All drivers operate with an information gap: a level of uncertainty that negatively affects the energy efficiency of their car. Safe driving demands that drivers leave appropriate space between vehicles and cautiously approach intersections, because they can never completely anticipate the intentions of nearby vehicles and traffic conditions. Closing this information gap can enable vehicles to operate in more energy efficient ways.

Southwest Research Institute is leading an effort to demonstrate a 20 percent energy consumption reduction in a plug-in hybrid electric vehicle (PHEV) by leveraging improvements from engine control products and connected vehicle technologies. While cooperative behavior among vehicles has been the subject of much research, the full potential of improved powertrain control on the resultant composite energy efficiency of individual vehicles has not yet been fully explored.

ARPA-E NEXTCAR CAV Research

SwRI’s efforts are a part of the Next-Generation Energy Technologies for Connected and Automated on-Road Vehicles (NEXTCAR) program funded by the Advanced Research Project Agency – Energy (ARPA-E). As part of this three-year project that draws on automotive software and electronics as well as engine control products, SwRI is collaborating with University of Michigan, Ann Arbor and Toyota Motor North America.

The SwRI team is augmenting a vehicle with a Dedicated Short-Range Communication (DSRC) radio to enable vehicle-to-vehicle (V2V) and vehicle-to-infrastructure (V2I) connectivity and interfacing with the production Dynamic Radar Cruise Control (DRCC) feature of the vehicle. NEXTCAR employs four primary mechanisms to achieve a target of 20 percent reduction of energy consumption:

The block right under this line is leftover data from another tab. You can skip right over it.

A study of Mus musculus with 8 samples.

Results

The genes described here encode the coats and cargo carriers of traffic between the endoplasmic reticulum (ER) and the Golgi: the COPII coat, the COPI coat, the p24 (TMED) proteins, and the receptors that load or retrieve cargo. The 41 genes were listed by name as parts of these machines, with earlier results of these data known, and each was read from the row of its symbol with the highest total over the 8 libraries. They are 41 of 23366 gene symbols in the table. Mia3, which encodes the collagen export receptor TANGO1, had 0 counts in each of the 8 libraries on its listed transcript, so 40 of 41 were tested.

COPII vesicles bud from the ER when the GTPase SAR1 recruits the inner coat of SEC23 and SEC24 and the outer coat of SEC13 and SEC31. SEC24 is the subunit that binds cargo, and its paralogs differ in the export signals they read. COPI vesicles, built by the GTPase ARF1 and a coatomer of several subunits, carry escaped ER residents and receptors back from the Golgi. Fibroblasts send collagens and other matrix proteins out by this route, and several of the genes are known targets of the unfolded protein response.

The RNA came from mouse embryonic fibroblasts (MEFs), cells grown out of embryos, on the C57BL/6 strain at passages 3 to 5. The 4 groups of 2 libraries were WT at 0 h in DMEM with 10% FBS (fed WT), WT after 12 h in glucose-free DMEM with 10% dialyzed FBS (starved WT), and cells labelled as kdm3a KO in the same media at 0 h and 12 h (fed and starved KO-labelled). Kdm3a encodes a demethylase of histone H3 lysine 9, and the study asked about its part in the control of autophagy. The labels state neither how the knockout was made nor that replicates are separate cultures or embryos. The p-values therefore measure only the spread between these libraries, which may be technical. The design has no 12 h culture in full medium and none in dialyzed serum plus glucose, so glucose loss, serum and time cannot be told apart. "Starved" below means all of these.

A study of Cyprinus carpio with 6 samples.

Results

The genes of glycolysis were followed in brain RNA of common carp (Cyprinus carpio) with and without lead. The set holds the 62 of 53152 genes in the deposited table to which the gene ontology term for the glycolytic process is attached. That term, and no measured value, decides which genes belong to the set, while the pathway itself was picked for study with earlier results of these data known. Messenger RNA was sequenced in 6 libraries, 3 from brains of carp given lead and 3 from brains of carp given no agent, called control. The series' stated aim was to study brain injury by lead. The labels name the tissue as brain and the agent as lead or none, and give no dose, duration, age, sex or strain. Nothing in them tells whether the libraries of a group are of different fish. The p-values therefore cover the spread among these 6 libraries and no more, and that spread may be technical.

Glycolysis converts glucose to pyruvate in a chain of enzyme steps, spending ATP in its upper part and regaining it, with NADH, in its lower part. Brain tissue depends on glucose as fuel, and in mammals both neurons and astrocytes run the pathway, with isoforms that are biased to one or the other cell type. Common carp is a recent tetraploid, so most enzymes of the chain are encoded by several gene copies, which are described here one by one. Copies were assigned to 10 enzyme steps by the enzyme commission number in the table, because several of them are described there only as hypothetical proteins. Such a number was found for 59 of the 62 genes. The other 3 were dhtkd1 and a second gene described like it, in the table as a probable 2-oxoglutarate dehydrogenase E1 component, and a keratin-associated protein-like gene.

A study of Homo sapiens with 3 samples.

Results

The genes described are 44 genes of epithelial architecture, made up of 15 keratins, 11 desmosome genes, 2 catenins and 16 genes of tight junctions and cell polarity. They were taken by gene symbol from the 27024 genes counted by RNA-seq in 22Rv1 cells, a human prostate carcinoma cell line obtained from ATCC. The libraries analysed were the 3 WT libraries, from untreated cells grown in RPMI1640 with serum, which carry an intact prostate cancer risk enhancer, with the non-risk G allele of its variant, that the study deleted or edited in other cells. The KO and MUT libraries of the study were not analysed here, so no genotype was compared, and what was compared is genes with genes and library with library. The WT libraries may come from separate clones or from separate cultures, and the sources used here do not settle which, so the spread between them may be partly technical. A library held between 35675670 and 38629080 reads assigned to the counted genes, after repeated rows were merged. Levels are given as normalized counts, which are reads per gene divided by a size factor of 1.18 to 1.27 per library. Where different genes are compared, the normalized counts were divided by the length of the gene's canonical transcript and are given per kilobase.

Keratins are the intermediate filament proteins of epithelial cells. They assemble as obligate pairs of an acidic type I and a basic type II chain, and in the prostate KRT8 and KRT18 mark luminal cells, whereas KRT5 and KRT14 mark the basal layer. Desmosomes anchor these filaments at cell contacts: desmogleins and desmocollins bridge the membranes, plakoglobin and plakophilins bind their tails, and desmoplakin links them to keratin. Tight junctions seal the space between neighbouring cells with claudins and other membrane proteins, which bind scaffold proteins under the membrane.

• ECO-Routing: This block utilizes route and traffic info to calculate the route that consumes the least amount of energy.
  • ECO-Approach and Departure at Signalized Intersections (V2I): This block optimizes vehicle speed to stop in an energy efficient manner.
  • Velocity Smoothing: This block utilizes connected information from neighboring vehicles (V2V) to minimize accelerations.
  • Power-split Optimization: Optimizes battery and engine operation to meet the user power demand.

Real-World Traffic Simulator

SwRI researchers have also created a traffic simulator that produces real-world traffic patterns and provides repeatable driving scenarios to test new control algorithms. The traffic simulator also helps evaluate robustness of algorithms by artificially injecting disturbances in a controlled fashion.

The simulator is based on real data from traffic sensors in Fort Worth, Texas. A custom wrapper written on top of commercial, off-the-shelf traffic flow simulation software enables basic safety messages from neighboring vehicles as well as signal phasing and timing information from traffic lights. The traffic simulator in conjunction with a chassis or hub dynamometer provides a unique platform for CAV testing.